Cloud and the evolving nature of IT support

enterprise IT support

Andrew Powell, Rimini Street

The ascendancy of cloud, particularly as its use has spread from ‘satellite’ applications into the core, has some important implications for the future of enterprise support. Andrew Powell, APAC managing director, Rimini Street spoke to Freya Purnell about what these trends mean for the company.

While cloud solutions have undoubtedly brought benefits to the way enterprises approach their IT landscapes, the hype around cloud has created some market dynamics that are disconnected from the interests of customers, according to Powell.

“One element of cloud that can’t be ignored is that if you’re building an IT company and it has a cloud element to it, you’re going to get a better valuation on the stock exchange. So the vendors are gravitating towards cloud because it’s going to be seen as favourable by analysts who value organisations,” said Powell.

“The other consequence of this trend is that it’s become very, very clear that the vendors are not investing in on-premise [solutions]. That opens up the whole conversation of whether that’s again meeting the needs of companies or not, because the vast majority of any medium and large organisation’s application footprint is currently still planted firmly on the ground.”

If customers don’t wish to go down the cloud route for certain aspects of their solution landscape, then they are left with a conundrum about what to do with their core systems, especially as vendors begin to reduce or eliminate support for older on-premise systems.

“What the customer base really wants, what the users really want, is they want speed, and they want value at an acceptable risk,” said Powell.

While they might be more interested in using cloud to innovate in other areas, often there’s no compelling business case for a wholesale move to cloud – particularly when it means undergoing a reimplementation simply to get virtually the same system customers already have, and losing their perpetual license rights in the process.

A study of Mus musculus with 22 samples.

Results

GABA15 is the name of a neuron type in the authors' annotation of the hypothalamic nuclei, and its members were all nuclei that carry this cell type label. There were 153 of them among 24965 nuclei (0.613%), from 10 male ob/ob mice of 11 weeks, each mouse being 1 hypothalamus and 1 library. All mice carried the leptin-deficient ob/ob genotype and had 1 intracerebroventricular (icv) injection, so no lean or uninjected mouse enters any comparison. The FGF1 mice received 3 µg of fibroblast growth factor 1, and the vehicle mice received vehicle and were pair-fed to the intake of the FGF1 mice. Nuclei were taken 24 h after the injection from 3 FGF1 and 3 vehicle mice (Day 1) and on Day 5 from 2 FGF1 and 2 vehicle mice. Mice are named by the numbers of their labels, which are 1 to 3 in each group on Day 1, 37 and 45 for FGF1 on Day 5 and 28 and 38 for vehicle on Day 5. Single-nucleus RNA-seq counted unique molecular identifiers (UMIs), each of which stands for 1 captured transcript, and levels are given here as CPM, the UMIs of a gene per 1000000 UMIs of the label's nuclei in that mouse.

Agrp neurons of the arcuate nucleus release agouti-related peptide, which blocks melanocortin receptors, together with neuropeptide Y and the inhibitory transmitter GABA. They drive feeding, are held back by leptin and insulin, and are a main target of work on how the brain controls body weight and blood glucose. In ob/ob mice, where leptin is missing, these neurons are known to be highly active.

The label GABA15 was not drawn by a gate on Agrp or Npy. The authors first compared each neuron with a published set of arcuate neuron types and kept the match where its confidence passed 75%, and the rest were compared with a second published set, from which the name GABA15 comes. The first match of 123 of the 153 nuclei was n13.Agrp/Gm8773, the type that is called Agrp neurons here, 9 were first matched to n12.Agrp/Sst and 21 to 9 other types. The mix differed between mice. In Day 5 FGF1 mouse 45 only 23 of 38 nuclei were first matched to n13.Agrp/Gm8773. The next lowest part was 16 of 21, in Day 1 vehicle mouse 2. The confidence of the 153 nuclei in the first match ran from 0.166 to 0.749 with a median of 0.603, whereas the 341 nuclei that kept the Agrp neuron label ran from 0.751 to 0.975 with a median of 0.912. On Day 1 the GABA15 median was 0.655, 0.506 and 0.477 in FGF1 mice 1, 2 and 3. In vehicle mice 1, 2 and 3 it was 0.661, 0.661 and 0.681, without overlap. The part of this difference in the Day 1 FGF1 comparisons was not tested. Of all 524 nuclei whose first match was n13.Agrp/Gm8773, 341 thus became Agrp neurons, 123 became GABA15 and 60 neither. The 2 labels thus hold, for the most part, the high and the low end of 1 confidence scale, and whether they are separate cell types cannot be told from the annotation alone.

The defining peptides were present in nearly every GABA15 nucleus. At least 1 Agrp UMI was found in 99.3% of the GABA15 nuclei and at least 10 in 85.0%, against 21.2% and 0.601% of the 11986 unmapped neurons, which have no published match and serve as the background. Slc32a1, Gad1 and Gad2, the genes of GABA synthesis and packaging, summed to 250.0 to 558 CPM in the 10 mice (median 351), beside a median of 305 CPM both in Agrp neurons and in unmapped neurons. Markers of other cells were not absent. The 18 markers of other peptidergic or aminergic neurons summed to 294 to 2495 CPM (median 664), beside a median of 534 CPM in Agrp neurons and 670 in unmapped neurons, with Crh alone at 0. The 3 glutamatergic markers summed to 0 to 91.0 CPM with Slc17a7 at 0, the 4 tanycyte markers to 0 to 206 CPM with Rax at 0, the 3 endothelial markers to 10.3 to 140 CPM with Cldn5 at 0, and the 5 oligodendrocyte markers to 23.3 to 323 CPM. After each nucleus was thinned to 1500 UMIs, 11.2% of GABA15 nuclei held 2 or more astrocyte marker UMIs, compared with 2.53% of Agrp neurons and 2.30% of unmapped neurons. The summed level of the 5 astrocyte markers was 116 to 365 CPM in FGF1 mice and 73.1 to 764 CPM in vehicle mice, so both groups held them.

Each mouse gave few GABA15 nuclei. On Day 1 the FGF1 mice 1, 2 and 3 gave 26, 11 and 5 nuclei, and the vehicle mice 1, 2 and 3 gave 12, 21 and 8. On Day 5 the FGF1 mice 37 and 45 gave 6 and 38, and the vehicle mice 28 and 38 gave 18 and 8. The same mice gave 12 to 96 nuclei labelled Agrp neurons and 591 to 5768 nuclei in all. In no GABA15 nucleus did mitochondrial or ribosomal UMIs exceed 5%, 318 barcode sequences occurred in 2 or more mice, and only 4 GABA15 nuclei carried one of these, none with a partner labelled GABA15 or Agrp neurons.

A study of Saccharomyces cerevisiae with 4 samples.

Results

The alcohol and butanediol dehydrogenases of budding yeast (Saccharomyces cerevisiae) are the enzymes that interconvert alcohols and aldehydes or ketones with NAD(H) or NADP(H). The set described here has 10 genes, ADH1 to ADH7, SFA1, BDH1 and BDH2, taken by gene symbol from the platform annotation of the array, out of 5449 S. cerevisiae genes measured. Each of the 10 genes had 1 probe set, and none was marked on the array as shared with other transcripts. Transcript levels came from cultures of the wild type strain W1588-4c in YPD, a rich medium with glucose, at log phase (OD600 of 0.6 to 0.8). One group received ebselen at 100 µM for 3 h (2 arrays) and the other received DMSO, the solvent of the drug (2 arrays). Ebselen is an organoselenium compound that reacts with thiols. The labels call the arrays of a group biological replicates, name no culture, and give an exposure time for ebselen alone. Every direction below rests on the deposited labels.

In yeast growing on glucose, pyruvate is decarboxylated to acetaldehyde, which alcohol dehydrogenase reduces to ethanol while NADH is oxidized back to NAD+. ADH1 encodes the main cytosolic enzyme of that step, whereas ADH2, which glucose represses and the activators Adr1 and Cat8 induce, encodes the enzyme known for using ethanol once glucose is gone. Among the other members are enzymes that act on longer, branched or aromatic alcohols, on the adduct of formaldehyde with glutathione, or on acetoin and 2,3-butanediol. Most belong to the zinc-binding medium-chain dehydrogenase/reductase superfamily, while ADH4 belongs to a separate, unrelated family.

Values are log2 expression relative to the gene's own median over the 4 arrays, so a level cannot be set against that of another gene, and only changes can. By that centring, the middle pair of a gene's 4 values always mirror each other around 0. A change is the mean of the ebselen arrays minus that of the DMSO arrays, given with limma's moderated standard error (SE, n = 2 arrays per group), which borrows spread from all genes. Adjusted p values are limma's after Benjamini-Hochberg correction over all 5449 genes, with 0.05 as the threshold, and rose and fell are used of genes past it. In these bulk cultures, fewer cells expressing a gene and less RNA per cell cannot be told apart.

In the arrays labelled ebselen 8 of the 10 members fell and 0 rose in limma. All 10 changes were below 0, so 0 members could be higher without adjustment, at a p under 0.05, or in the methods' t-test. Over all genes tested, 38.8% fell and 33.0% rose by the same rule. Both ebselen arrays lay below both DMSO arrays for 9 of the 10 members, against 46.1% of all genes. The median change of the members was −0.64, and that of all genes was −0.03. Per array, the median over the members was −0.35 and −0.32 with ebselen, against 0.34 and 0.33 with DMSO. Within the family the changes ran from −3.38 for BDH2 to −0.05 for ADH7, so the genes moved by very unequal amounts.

“Effectively what the reality I believe for the next five to 10 years is hybrid, where you are still going to have a fairly substantial core [on-premise]. Certain pieces will slice off, and yes, you will innovate around the edges. Some of this innovation will be cloud, and some of it won’t be cloud,” Powell said.

Looking across the region, Australia has been a strong adopter of cloud technologies compared with other countries in Asia, which Powell believes has been partly driven by the cost of labour here.

“I think we’ve been forced to do things quicker than other countries, and that’s often been to our detriment. If you look at the early adopters of virtually any technology, a lot of it has under-delivered and it has cost a lot more than expected. [Australians] are at the bleeding edge of technology too much, whereas the mentalities as you move up though Asia are a little more conservative and sceptical,” he said. “As you go further north, conversations of cloud diminish greatly.”

Japan, for example, is pursuing a lot of open source, on-premise development, so they can have more control over their licensing.

So what does this mean for enterprise support providers such as Rimini Street? Confusion around the roadmap and the need for certainty around supporting existing environments is providing additional impetus for their services, according to Powell. SAP, for instance, has so far committed to support SAP Business Suite 7 with mainstream maintenance only until the end of 2025.

“People are looking at all this, and they’re thinking 2025 is not that far away. If you’re a larger organisation, you’re going to have to start doing something in 2022. What we’re offering customers is a 15-year period where they can continue to run their own system for as long as it makes sense for them without any forced upgrades, and to let the next version play out,” said Powell.

Cost, how much IT management can squeeze out of limited budgets, and perhaps more importantly, the question of value, also come up as common factors for customers who are choosing to switch to third-party support.

“It’s the same story everywhere. If they can lower that total cost of ownership, they could use that money for better shareholder value. The problem with maintenance is that it’s quite material. If it was a small amount of money, people wouldn’t worry about it, but because it’s such a big piece of budget, it actually can have a material impact on spending patterns,” Powell said.

These factors have helped Rimini Street achieve compound growth of 30-plus per cent over the last year, with 42 new customers added in the APAC and Middle East regions in 2015. Some of these customers include China’s ChemChina, Japan’s Orix and Pioneer Corporation, and Indonesia’s XL Axiata, which is the country’s second largest SAP site.

Recognising that companies also often have multiple databases in use, Rimini Street has recently added support for SAP HANA to its offering, and expects that this will add more opportunities across the region.